Why the great robot panic makes no sense

Looking to the future.
Looking to the future.
Image: Reuters/Yuya Shino

If we can, let’s lump together a few robotic things: Elon Musk, Bill Gates, and a bunch of other technology figures urged governments to keep scary artificial intelligence away from guns; Uber has been criticized in advance for potentially replacing drivers with robotic cars that have yet to be developed or manufactured; opponents of the US push for a $15 minimum hourly wage have stoked fears of automated kiosks taking McDonalds jobs.

Robots! They freak people out. And they really shouldn’t, because if anything, we need many more of them. This chart shows why:

It measures something economists call “total factor productivity.” TFP isn’t productivity in terms of “output per hour” but rather an economic measure of everything that goes into making something besides capital and human labor: technology, business processes and methods—basically, the force multiplier that makes the first two inputs produce more value together.

As you can see, during the post-World-War-II golden age of the US economy, TFP soared. Refrigeration, transistors, jet aircraft, plastics, the interstate highway system, more college-educated workers thanks to the GI bill; all of it made investment and work more productive. Americans worked less and earned more, and economic inequality was reduced.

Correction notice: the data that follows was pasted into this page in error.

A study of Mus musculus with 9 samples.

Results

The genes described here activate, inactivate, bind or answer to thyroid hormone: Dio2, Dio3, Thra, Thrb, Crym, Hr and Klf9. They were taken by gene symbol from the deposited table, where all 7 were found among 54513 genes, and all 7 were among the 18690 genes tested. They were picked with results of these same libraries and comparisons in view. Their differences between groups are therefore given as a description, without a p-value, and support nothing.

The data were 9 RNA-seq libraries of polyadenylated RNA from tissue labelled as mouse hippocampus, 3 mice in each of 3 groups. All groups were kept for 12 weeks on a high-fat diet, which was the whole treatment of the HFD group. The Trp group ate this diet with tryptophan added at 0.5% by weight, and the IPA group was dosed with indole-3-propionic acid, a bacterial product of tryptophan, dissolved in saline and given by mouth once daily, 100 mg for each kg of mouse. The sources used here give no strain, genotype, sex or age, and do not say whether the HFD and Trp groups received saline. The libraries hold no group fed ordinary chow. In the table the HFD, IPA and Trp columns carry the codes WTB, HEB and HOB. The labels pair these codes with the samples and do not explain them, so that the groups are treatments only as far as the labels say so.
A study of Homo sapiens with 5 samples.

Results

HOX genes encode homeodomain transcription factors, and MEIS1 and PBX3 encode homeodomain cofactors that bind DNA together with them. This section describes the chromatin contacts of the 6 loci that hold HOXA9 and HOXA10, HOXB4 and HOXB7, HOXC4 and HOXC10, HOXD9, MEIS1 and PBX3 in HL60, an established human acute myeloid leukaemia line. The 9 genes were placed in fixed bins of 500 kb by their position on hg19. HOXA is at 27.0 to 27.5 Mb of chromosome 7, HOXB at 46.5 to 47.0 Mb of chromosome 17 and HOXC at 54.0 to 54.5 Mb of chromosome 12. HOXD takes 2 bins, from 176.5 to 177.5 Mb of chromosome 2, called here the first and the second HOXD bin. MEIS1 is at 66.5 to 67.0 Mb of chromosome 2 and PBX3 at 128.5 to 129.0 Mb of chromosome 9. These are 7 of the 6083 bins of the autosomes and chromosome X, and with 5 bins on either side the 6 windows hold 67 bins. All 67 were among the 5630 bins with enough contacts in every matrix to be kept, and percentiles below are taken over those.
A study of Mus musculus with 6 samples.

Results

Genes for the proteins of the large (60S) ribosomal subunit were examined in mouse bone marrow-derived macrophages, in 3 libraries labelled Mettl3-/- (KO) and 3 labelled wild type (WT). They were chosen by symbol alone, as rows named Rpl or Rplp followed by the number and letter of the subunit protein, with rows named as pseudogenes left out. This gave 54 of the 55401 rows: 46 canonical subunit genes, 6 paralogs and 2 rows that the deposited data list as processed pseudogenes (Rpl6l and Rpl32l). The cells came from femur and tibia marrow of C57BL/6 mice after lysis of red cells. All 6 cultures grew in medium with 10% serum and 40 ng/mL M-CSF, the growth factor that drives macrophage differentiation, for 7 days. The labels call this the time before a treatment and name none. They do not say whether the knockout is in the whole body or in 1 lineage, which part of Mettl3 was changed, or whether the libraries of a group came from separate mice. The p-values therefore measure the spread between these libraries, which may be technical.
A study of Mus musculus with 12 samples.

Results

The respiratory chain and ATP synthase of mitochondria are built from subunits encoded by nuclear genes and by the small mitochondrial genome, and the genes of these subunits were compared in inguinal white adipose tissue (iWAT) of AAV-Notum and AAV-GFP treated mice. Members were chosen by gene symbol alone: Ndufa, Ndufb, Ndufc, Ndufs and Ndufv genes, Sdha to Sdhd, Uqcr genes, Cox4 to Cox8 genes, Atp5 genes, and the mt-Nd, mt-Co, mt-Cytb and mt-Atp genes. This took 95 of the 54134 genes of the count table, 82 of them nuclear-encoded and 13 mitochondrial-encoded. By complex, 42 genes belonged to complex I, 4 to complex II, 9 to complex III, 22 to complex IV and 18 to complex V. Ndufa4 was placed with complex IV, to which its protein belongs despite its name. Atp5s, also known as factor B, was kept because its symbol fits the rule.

But somewhere around 1974, TFP stopped growing at that wicked pace, and despite a 1990s boost attributed to internet and mobile communications, we’re still stagnant. Greatly stagnant, in some views. And ironically, we’re most afraid of robots when we most need them—and perhaps the 1960s science-fiction obsession with friendly robots now makes more sense.

As Matt Yglesias argues in his robopologia this week, automation is one of the few obvious ways out of this productivity trap. Most of the really advanced technology being built right now outside of that arena does have real benefits for people, but doesn’t solve the problem of generating more prosperity.

While people fear that robots will take their specific jobs—the Luddite argument—the reality is, we haven’t seen that happen recently. The big hit on US wages in recent years hasn’t been automation but instead cheap labor from China—and a lack of productivity enhancement that would make US workers productive enough to outwork their cheaper foreign counterparts.

But what happens when, say, automated cars put drivers out of business or kiosks mean less employment at McDonalds? There will have to be a major social transformation of some kind, where people in general work less and other kinds of services are valued more. It won’t be easy! But it could be fun: A world where human flourishing is increasingly separate from menial labor.

That change will probably be easier than the other option: If TFP growth keeps lagging, it will become increasingly difficult to generate the economic output to support things like the US welfare state. Just look at this chart from the White House budget office, which shows what the deficit will look like in the future if productivity increases by 0.25 percentage points more than the forecast, or 0.25 percentage points less:

That kind of fiscal pressure on the government will be just one symptom of our sad, robotless future.